A series of sham construction companies with reported sales of £50million and assets of £8.4million have been forced into compulsory liquidation by the High Court. Rather than legitimate companies, an Insolvency Service investigation found the 15 organisations were nothing but fronts to obtain credit by fraud.
The ring of bogus construction and civil engineering companies were all bought ‘off the shelf’ from two company formation agents by an individual calling himself Jonathan Hunting. These companies were then run solely as instruments to obtain credit by filing false accounts and other inaccurate information.
Winding-up orders have now been issued against all 15 companies on the grounds of the public interest following petitions presented by the Secretary of State for Business, Innovation & Skills. The hunt is now on to identify the individual or individuals involved.
Dormant companies that never traded
The court heard how all 15 construction companies remained dormant and never traded while under the control of the formation agents. Once the companies had been purchased and activated by the new owner, a number of fictitious directors were appointed. The dates of their appointments were back dated several years to add legitimacy to the spurious accounts which were soon to be filed.
Despite the fact that the companies had no physical presence at their registered offices, false accounts were filed that reported significant assets and trading activity, including:
• A company with a registered office in Leeds and a sole director going by the name of Mr Fitzgerald. The company filed dormant accounts until December 2013, when it was bought by Jonathan Hunting. The new owner purported to show turnover since incorporation of £4.3million and total assets of £948,000 as at 31 December 2013, despite the company being dormant until this time.
• Another company with a registered office in Bristol and a civil engineer director similarly filed accounts reporting turnover since incorporation of £11.9million and total assets of £1.9million. This was despite the fact the company had remained dormant until September 2014;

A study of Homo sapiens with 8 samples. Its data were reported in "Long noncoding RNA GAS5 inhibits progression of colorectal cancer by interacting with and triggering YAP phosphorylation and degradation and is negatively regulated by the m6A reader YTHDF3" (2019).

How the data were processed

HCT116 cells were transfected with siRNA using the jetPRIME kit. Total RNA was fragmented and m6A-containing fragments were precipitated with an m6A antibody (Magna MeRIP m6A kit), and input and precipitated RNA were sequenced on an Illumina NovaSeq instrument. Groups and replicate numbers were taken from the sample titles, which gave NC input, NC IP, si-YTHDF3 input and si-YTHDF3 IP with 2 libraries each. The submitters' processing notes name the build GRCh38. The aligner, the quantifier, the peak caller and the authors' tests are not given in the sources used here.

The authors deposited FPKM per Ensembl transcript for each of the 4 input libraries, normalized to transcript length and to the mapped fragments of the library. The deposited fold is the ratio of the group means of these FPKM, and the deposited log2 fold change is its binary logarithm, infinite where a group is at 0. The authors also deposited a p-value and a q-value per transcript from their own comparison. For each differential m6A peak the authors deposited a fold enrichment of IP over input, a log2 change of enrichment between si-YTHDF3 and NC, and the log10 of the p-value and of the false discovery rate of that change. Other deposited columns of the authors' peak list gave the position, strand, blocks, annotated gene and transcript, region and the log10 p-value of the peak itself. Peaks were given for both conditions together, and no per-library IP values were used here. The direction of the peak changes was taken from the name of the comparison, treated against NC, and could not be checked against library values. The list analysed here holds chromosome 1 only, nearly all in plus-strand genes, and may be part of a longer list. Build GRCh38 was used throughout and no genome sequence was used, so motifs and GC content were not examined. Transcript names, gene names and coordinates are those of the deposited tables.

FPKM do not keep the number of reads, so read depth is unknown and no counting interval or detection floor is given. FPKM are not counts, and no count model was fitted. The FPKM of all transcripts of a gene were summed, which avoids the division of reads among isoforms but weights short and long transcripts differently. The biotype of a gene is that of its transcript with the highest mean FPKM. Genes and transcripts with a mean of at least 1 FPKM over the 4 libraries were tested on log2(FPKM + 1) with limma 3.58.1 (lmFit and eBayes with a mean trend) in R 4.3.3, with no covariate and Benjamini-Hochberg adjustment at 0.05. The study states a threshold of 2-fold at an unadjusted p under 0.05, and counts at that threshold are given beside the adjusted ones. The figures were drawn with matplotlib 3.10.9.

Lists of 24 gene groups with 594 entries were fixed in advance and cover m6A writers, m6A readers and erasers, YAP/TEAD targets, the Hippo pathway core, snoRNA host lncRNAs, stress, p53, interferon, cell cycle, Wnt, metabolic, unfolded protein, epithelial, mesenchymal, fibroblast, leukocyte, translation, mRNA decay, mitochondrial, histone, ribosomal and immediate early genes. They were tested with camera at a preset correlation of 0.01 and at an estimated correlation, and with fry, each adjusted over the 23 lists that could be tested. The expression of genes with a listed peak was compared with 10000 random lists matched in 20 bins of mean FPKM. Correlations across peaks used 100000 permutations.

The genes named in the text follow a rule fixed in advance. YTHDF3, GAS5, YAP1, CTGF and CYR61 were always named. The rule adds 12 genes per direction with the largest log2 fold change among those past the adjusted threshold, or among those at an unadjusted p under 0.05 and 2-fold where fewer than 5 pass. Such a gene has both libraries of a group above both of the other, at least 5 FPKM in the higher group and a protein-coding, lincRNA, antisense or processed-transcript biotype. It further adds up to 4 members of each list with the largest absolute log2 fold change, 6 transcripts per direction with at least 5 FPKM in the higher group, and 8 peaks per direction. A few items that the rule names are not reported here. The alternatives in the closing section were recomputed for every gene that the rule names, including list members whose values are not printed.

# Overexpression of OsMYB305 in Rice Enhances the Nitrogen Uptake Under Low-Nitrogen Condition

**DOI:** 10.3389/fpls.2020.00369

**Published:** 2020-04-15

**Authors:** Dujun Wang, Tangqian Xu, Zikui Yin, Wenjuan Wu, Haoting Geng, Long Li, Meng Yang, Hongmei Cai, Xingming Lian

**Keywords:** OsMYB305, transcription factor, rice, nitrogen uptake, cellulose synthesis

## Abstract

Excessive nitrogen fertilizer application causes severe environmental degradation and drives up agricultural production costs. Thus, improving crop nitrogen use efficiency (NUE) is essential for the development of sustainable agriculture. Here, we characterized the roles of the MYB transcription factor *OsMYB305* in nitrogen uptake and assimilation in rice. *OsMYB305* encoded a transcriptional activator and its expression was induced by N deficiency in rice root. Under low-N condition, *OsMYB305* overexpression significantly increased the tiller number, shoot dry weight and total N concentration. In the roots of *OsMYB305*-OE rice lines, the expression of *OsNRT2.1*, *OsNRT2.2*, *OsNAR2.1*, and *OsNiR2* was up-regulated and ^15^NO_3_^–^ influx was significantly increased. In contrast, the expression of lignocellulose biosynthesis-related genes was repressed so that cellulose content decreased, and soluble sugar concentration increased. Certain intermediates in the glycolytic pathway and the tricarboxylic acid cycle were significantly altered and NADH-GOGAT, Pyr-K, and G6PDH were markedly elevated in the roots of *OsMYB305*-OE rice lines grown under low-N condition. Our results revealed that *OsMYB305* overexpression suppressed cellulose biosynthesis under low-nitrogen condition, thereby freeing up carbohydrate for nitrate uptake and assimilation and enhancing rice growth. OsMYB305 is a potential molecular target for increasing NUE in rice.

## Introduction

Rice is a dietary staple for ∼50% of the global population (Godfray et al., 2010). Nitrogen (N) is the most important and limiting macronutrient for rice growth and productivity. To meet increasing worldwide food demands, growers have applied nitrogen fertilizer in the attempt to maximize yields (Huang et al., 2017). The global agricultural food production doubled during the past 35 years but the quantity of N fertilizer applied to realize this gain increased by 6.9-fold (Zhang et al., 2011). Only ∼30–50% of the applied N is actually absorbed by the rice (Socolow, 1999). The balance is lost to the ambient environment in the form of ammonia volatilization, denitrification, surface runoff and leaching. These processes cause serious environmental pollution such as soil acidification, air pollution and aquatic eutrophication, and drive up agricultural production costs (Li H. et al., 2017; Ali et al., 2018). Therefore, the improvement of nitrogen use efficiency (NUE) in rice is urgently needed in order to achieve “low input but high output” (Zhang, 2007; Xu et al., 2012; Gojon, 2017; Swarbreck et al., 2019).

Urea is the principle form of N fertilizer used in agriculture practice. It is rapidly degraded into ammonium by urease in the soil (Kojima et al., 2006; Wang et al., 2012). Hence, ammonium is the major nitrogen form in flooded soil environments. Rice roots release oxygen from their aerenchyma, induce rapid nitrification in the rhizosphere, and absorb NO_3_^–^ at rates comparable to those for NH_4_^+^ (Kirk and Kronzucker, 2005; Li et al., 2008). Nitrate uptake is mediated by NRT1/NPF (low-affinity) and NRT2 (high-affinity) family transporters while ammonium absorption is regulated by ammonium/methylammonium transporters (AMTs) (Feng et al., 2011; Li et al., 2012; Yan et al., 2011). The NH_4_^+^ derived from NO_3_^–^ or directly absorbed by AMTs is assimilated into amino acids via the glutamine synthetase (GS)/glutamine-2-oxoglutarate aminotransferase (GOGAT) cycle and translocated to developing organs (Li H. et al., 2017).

• A third company, with a registered office in Cardiff and a civil engineer director called Mr Lloyds-Brown, was inactive with dormant accounts until September 2014. However, the new owner filed accounts reporting turnover of £13.5million and assets of £1.8million as of 31 October 2014.
The companies were set up for the sole reason of duping prospective creditors, including a steel supplier who was conned out of £170,000. This type of fraud is not uncommon and can fleece genuine, honest and hard working businesses out of amounts up to £200,000. However, in one recent case a company dishonestly secured the supply of bandwidth technology resulting in a loss of $7million (USD).
What should genuine companies lookout for
Welcoming the court’s winding-up decision, Chris Mayhew, a company investigations supervisor at the Insolvency Service, said: “These supposedly unrelated companies had no legitimate purpose and existed solely to seek to obtain easily disposable goods on credit, including expensive motor vehicles on lease finance, with no intention of paying for them.
“False accounts were filed by some of the companies to create the impression that they were substantial and credit worthy businesses that had been trading profitably for a number of years. The investigation found this to be blatantly untrue.
“I would urge businesses approached for credit to question why a potential new corporate customer would choose to back date the appointment of its recorded officers. They should also be extremely wary of companies that file accounts showing significant trading and assets when the company was still on the shelf of the formation agent awaiting sale.”